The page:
Have you been a naughty rider?

Mountain bikers in the Malvern Hills are being asked to follow a new Code of Conduct following irresponsible use of the area by a minority of riders.

The Malvern Hills Conservators have worked with local riders to tackle mountain bikers who are “not keeping to bridleways, creating new trails and riding at high speeds near walkers and horse-riders.” It is also claimed that mountain bikers have caused damage to the British Camp – an Iron Age fort at the top of Herefordshire Beacon.

The Code of Conduct reads: ”

  • “Please only cycle on bridleways. It is illegal to cycle on footpaths
  • Please do not ride on archaeological monuments including the British Camp, Shire Ditch and Midsummer Hill
  • Always give way to walkers and horse riders
  • Be courteous and patient with other path users who may be moving more slowly than you
  • Cycle at a sensible speed. Do not race
  • Be particularly careful at junctions, bends or other blind spots where people could appear without warning
  • Carry a bell and use it, or call to avoid surprising people—don’t assume people can see and hear you
  • The Hills can be busy at weekends and bank holidays and you may enjoy your ride more by cycling outside the busiest periods.”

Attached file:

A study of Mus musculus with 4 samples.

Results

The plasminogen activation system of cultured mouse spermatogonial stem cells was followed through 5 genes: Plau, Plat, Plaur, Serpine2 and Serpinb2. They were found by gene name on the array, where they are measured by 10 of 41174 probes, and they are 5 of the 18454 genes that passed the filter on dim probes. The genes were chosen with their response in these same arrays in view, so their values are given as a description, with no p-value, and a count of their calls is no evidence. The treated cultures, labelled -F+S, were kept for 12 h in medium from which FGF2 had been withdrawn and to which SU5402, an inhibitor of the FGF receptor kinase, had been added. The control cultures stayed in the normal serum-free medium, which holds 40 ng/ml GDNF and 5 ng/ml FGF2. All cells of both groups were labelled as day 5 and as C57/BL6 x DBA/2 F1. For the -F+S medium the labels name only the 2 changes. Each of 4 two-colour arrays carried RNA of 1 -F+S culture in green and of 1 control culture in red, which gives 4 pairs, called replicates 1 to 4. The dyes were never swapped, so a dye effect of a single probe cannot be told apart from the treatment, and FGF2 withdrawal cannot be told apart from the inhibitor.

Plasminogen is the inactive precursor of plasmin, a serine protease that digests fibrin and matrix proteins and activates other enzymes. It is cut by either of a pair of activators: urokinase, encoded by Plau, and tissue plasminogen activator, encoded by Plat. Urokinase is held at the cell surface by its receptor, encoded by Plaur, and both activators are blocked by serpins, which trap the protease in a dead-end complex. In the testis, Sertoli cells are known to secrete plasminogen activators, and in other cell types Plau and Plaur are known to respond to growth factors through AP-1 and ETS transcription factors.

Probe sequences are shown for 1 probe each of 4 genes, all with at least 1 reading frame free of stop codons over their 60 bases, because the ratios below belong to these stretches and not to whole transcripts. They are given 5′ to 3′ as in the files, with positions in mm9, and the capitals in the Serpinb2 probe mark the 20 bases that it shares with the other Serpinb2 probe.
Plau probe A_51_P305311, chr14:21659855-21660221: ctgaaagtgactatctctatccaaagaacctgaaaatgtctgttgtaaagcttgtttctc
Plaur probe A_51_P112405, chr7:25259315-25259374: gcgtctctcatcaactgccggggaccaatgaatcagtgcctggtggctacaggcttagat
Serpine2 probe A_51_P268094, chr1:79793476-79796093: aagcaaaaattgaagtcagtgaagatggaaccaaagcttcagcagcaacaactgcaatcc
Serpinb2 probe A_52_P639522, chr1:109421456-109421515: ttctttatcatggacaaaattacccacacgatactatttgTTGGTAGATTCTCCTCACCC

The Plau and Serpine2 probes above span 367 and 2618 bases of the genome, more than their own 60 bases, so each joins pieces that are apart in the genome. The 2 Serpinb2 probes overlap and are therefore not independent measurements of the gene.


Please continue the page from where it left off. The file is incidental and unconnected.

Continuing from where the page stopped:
The code has been handed out to local bike shops and also posted in areas where “unlawful” mountain biking is thought to occur. The Conservators will also be working on a map that will help guide cyclists through the hills without causing conflicts.


“Meetings with the cycling representatives have been really useful in understanding the way the Hills are used for mountain biking and identifying the ways they think will effectively encourage responsible cycling.”

A representative from Malvern Cycle Sport said: “It is great to have the opportunity to work with the conservators to look into Mountain Biking on the Hills. MCS coaches teach young riders to control their bikes and avoid skidding thereby reducing erosion of the hills. The club also encourages riders to cycle responsibly and respect other hill users.

“We wish to work with the conservators to make use of the hills an enjoyable experience for everyone and to protect wildlife habitat and archaeology. We will also aim to inform riders from outside the area of the importance of respect of the hills and its users.”